The history of the Charities is closely linked to that of the Church of St Michael at the North Gate. Dating from about 1050, the Church tower is probably the oldest surviving building in Oxford, rivalled only by the Castle tower: the Church is situated just within the original North Gate of the city, protected by the city wall.
Connection with Lincoln College:
Oxford was for centuries in the very large Diocese of Lincoln. In 1427, the Bishop of Lincoln, Richard Fleming, founded Lincoln College to fight the heresy of the Lollards.
The Bishop was Patron of three parishes:
- St Mildred’s which was destroyed to make way for the new College.
- All Saints on The High, which remained a Church until 1971, and is now the Library of Lincoln College.
- St Michael at the North Gate, now the “City Church” – a title which started at St Martin’s on Carfax, moved to All Saints when St Martin’s was closed in the 1890s, and then moved to St Michael’s in 1971.
From 1427 until 1849, St Michael’s was a Collegiate Church of Lincoln College, which provided the Priests to serve there. In that connection, John Wesley preached in St Michael’s. In 1849, Bishop Wilberforce (of the now formed Diocese of Oxford), made St Michael’s a parish in his jurisdiction, and the Rector of Lincoln College was made the Patron – a position which continues to the present day. The assets of the Charities include those which came from the parish of All Saints, which was closed in 1971 and sold to Lincoln College to be its Library. Other properties in Turl Street were also sold by the Charities to the College.
Connection with Jesus College:
Jesus College was founded in 1571 by Queen Elizabeth I, at the request of a Welsh lawyer and clergyman, Hugh Price. Jesus College is most accurately described as the ‘major Welsh college’ at Oxford. Its founding charter contains no provision that the majority of its students, or indeed any of them, should be Welsh. However, between 1571 and 1915, an almost unbroken succession of 24 Principals of Jesus came from Wales or were of Welsh descent. Jesus College was intended for the education of future clergymen. The 1571 charter stated that it would be a ‘college of learning in the sciences of philosophy, the moral arts, and knowledge of the Hebrew, Greek and Latin languages, with the eventual aim of professing sacred Theology’. The College, however, had no chapel until 1621 and the scholars were allowed to worship in the South Aisle of St Michael at the North Gate. This aisle became known as the Welsh Aisle.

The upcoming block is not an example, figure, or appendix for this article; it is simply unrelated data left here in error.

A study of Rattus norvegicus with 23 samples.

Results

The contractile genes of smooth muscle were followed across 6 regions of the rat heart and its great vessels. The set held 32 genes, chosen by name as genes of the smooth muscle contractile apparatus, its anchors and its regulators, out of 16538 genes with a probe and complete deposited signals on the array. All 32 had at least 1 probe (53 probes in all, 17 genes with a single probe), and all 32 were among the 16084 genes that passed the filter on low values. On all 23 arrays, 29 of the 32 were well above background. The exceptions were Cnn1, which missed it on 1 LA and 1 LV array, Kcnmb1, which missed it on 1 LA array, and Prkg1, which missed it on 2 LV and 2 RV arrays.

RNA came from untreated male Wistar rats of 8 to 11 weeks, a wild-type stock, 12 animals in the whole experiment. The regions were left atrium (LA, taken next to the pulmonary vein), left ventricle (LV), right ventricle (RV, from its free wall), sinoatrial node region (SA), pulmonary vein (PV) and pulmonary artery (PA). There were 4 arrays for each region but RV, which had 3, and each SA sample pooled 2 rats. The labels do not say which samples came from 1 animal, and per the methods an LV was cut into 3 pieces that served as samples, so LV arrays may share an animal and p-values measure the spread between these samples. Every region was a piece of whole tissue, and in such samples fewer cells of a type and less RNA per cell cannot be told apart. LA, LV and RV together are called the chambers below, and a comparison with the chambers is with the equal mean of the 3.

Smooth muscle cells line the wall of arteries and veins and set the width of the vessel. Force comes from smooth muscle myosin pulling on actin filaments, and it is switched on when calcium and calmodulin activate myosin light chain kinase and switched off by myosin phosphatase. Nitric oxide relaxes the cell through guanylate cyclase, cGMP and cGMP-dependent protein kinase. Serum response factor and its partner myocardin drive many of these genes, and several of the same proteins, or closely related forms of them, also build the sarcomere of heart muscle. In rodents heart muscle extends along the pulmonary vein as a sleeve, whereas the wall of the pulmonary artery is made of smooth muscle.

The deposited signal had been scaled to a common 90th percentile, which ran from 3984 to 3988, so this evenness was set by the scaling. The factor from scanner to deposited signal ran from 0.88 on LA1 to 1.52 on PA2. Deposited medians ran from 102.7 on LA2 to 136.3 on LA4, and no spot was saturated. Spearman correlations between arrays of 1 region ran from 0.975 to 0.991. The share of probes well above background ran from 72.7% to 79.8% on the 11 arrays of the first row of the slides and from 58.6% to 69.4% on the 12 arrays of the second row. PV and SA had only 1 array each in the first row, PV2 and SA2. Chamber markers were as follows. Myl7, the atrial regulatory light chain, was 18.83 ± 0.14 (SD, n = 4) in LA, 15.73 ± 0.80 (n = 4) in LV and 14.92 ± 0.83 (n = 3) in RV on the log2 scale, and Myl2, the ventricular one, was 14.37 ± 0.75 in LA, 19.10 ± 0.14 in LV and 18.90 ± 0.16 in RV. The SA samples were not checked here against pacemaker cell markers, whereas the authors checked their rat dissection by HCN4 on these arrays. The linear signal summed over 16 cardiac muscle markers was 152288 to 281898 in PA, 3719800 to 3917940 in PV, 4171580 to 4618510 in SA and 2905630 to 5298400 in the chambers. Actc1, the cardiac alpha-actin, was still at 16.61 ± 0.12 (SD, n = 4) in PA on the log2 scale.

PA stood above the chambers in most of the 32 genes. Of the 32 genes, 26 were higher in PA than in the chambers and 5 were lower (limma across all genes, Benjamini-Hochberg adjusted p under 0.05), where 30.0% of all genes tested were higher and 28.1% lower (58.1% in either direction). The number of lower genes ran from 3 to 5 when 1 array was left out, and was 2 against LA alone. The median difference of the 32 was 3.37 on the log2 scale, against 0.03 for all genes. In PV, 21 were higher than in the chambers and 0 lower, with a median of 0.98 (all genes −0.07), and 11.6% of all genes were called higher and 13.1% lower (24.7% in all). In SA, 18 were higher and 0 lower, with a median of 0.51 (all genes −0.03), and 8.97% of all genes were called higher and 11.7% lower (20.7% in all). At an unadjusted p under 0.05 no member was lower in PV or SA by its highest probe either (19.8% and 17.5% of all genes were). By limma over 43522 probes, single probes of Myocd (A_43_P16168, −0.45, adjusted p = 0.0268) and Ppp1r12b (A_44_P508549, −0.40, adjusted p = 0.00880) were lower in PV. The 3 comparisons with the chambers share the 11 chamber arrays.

Information is still needed as to why the Principal of Jesus is an ex officio Feoffee.
A historical document shows:
A Charter of 1612 under the Great Seal of James I (now on display in the Tower) requires the Feoffees of the Parish of St. Michael at the North Gate to employ the money resulting from the letting of various properties in Oxford for the care and upkeep of St. Michael’s Church. The five properties mentioned were let at rents totaling just over £6 per annum.
St. Michael’s, Oxford, Parochial Charity was regulated by a Scheme of the Charity Commissioners dated 24th July 1885, which was amended by a Scheme dated 3rd July 1961 when the Charity was renamed “St. Michael’s Ecclesiastical Charity”.
The Church of St. Martin at Carfax was closed in accordance with The Oxford Corporation Act 1890, and subsequently demolished, except for the tower. The Benefice was united with All Saints in 1890 and all charitable funds vested in the Feoffees of All Saints. That Charity was regulated by a Scheme of the Charity Commissioners dated 2nd May 1941 under the name of The Church Houses Charity. It was administered in two branches called respectively the Church Branch and the Poor’s Branch.
When the Church of All Saints was closed and transferred to Lincoln College for use as the College Library, the Benefice was united with St. Michael at the North Gate. The two Charities were then regulated by a Scheme of the Charity Commissioners dated 7th May 1980 and were referred to together in the Scheme as ‘The Church Houses and St. Michael’s Ecclesiastical Charities’.
The Church Lands or Parish Houses Charity belonged to St Martin’s Church and was set up to maintain that church (demolished in 1896), any money not required for that purpose was to be given to the poor of the parish.
All the above charities (except for The Church Houses Relief in Need Charity, administered as the Relief Branch, which is still regulated by the 1980 Scheme) are now regulated by the Scheme of the Charity Commissioners dated 18th February 1991 and are referred to together as the “St Michael’s and All Saints’ Charity”. They are administered as the Church Branch.